Depending on the shape and size of your tortilla chips, they can be awkward to measure, so just buy a bag and fill up your sheet pan.
Chihuahua cheese is a Mexican-style cheese that melts wonderfully. It’s sold in a solid, round block and found at most grocery stores. If you prefer, you can also use grated mozzarella cheese instead. Queso blanco is another Mexican-style cheese that crumbles more like feta and has a saltier, tangier flavor. I like to finish the nachos with this cheese for more fresh flavor and a contrasting texture.
Grate the Chihuahua cheese to measure the indicated amount. Cut one end off the corncob. Stand the cob upright, then carefully run your knife down the sides to shave off the kernels. Trim cilantro leaves from the stems and roughly chop to measure the indicated amount.
Cut the stem end off the jalapeño, then cut in half lengthwise. For less heat, remove the seeds and ribbing. Cut into a small dice to measure the indicated amount. Avoid touching your face when handling peppers, and wash hands immediately after.
Preheat the broiler on high. Prepare a sheet pan with a layer of aluminum foil for easy cleanup. Lay tortilla chips in a single layer on the sheet pan, overlapping them slightly to prevent any gaps in between. Scatter the grated Chihuahua cheese over the chips, then evenly sprinkle the diced jalapeño and corn kernels over the top. Place the sheet pan under the preheated broiler and cook until cheese is melted and bubbly and edges of chips are starting to turn golden brown, about [4-6 minutes].
After you remove the nachos from the broiler, transfer them to a large serving platter or break into individual portions and place on dinner plates. Slice the avocado in half lengthwise and twist both halves to separate. Stab the pit with the knife blade and twist to release. Use the knife tip to score the avocado crosswise in both directions, then use a spoon to scoop the flesh out and scatter over the nachos.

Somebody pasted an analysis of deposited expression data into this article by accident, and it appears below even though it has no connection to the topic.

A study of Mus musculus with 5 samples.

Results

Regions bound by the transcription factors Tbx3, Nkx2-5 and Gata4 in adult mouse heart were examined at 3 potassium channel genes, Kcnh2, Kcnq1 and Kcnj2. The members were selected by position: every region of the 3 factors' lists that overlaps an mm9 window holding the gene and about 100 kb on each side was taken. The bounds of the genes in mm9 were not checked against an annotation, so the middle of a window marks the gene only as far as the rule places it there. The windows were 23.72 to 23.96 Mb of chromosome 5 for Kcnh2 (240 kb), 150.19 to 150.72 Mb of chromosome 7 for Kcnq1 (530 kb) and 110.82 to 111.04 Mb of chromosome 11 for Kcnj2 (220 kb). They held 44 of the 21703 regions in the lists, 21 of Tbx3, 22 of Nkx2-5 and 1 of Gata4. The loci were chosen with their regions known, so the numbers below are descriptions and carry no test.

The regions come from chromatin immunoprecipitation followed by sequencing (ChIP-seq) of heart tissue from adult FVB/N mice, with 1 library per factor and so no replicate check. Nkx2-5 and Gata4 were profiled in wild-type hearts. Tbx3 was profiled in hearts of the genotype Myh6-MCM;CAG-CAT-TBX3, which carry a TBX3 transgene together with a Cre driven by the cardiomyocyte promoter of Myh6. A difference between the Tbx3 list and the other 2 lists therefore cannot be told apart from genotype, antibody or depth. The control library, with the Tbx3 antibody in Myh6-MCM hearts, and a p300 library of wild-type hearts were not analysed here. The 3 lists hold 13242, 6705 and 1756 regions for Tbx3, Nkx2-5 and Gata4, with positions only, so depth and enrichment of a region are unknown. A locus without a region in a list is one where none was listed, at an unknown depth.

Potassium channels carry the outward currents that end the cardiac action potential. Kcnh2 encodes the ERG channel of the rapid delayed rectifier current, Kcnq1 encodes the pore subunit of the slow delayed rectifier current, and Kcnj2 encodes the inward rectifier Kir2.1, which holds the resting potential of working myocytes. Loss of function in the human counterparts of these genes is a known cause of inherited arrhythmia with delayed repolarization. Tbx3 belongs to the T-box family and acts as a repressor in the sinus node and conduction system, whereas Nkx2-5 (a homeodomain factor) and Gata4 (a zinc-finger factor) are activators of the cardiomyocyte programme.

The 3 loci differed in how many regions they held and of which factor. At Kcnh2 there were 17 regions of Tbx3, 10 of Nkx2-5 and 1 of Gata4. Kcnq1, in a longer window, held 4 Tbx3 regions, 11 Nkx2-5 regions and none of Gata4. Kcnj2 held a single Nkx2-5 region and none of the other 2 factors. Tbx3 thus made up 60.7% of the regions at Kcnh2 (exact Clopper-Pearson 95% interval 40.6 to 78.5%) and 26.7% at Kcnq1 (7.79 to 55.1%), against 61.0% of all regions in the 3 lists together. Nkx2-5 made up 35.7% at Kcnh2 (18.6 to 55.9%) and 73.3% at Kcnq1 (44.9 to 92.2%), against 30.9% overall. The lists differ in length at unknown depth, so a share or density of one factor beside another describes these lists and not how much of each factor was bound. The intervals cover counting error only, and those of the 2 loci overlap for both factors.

Sprinkle chopped cilantro over the top along with the juice of a freshly squeezed lime and crumbled queso blanco. Serve hot sauce and/or sour cream on the side if desired. Nachos are ready to eat!
From <a href="http://hellobeautiful.com/2015/12/22/sandra-bland-family-non-indictment/" target="_blank"><strong>Sandra Bland</strong></a> to the shootings in <a href="http://hellobeautiful.com/2015/06/20/why-is-south-carolina-using-a-judge-in-the-charleston-church-massacre-who-has-used-the-n-word-before/" target="_blank">Charleston, South Carolina</a>, African Americans were sadly reminded that being <a href="http://hellobeautiful.com/2015/12/13/police-brutality-2015/" target="_blank">Black in America</a> is much harder than it ought to be. And yet in the same breath, 2015 was a year of Black joy during which our culture dominated not only in our lives, but in the mainstream consciousness. From <a href="http://hellobeautiful.com/2015/07/16/lee-daniels-and-taraji-p-henson-emmy-empire/" target="_blank">Cookie Lyons</a> to the <a href="http://hellobeautiful.com/2015/10/17/ebony-editor-comments-cosby-cover/" target="_blank">Cosby <em>Ebony </em>cover</a>, our brilliance helped to push the conversation, affirm our greatness, make history and most important, make us laugh.
So to celebrate that greatness, we put together this list of the most defining Black pop culture moments of 2015. And don’t worry: <a href="http://hellobeautiful.com/2015/12/08/rachel-dolezal-interview/" target="_blank">Rachel Dolezal </a>is nowhere to be seen.